Tuned In

Wasted Life


In today’s reviews, we’re taking on the big trends of fall 2007 one by one. Shows about people with superpowers: check. Shows about rich people: check. (Shows about nerds: already did that.) And now we come to NBC’s Life and the last, and most disturbing, trend of the fall: Shows with interesting premises that, probably because some executive decided viewers were too stupid to care about said premise alone, got turned into crime procedurals.

Pushing Daisies (man has the power to give and take life with a touch) looks good enough to survive its configuration as a magic private-eye show. K-Ville, on the other hand, could have been a fascinating story about what Hurricane Katrina did to New Orleans but turned into a subpar cop show.

Life, starring Damien Lewis, is exactly in between the two. Take Charlie Crews, a cop wrongly accused of a murder, send him off to the joint where he becomes the daily punching bag of convicts, and see what that does to his psyche: interesting stuff. Spring him from prison, turn him into a Buddhist-philosophy-quoting detective (with a $50 million lawsuit settlement) who uses his prison insights and eccentricity to solve the crime of the week: not terrible, just not necessary.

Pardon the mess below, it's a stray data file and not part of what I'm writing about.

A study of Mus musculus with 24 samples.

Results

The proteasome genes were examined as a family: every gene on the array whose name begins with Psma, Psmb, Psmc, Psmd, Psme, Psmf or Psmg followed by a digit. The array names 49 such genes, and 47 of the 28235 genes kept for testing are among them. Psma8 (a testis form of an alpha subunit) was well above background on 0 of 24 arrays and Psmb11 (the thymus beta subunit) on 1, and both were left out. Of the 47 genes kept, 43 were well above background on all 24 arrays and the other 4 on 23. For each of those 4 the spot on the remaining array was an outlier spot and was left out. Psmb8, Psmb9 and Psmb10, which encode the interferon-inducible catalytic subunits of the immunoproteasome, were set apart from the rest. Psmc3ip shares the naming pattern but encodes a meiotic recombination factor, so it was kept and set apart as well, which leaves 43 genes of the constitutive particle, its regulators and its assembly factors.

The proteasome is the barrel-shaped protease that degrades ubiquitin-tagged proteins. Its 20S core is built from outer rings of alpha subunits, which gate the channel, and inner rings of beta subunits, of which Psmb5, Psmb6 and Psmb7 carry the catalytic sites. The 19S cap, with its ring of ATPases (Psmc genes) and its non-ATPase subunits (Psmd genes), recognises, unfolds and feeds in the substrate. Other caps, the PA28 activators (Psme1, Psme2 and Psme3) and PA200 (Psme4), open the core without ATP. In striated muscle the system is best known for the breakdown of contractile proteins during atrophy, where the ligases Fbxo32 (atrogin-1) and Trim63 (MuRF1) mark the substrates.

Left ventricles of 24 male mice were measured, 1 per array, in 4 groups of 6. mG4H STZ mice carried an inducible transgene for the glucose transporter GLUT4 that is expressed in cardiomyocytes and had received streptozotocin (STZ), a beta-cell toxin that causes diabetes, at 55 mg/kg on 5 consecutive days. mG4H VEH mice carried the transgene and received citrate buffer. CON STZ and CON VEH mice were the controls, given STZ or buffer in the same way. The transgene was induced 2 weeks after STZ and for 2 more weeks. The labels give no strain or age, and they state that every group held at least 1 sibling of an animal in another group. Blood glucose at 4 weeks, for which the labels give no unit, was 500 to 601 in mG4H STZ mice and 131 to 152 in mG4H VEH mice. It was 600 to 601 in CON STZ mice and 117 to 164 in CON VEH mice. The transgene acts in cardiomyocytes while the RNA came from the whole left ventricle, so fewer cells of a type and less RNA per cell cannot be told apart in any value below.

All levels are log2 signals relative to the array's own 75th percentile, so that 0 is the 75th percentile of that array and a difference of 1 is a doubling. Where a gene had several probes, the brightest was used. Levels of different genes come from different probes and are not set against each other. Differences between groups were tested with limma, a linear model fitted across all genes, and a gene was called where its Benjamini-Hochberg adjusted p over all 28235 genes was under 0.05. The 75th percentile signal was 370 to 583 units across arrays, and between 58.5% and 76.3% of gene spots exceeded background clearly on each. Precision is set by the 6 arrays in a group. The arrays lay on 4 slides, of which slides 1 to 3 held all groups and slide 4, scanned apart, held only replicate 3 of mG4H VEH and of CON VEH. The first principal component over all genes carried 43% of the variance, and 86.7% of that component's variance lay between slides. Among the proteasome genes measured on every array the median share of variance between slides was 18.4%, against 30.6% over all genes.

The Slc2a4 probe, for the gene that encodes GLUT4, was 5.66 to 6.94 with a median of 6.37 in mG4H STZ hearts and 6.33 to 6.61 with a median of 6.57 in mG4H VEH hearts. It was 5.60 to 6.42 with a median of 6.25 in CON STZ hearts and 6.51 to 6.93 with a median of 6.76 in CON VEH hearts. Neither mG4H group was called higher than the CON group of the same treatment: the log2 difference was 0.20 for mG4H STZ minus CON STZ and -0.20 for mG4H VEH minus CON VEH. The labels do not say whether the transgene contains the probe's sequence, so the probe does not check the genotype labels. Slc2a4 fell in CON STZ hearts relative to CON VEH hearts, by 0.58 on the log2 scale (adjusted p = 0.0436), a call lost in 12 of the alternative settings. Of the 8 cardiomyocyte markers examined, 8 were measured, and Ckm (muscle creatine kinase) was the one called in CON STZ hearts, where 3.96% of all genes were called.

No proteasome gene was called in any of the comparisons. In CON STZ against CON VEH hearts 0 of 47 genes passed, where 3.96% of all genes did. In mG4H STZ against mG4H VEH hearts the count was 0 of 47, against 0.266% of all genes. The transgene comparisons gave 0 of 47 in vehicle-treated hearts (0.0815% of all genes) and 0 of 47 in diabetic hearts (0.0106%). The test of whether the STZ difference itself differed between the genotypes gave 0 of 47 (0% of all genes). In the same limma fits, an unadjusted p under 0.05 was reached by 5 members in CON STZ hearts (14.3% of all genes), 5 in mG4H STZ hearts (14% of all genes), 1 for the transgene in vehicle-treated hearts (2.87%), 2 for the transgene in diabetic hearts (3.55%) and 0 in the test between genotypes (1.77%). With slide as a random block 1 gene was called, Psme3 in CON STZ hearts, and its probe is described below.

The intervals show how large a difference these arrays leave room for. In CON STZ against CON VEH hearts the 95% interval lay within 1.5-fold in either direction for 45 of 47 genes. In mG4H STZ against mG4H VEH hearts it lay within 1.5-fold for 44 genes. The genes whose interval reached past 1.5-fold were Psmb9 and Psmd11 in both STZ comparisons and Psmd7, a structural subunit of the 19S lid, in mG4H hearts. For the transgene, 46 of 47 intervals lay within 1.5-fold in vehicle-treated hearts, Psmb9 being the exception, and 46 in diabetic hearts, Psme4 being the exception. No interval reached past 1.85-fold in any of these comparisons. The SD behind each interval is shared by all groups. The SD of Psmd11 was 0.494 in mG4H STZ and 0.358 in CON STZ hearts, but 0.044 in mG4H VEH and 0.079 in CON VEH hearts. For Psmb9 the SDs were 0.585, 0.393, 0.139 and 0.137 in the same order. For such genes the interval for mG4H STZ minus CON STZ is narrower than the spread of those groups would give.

Essentially, this perfectly competent crime show is a police version of House. Which may sound like ratings gold, but part of the reason House works so well–besides its scripts and Hugh Laurie–is that it takes the formula and style of dozens of cop mysteries and applies them to a hospital drama. Life simply takes that formula back and applies it to yet another freaking cop mystery (Eccentric Detective With Skeptical Partner Subgenre).

I could analyze the show in depth–Lewis’ engaging if mannered portrayal of Charlie’s brittle sanity and humor, a wry supporting turn for Adam Arkin as Charlie’s lawyer/manservant–but what’s the point, really? If you’re a fan of cop procedurals, you could add Life to the list of approximately three dozen or so you could choose from any particular week. You probably won’t be disappointed if you do. But do you need to? With the vast choice of more ambitious, original, surprising shows on TV, life’s just too short for Life.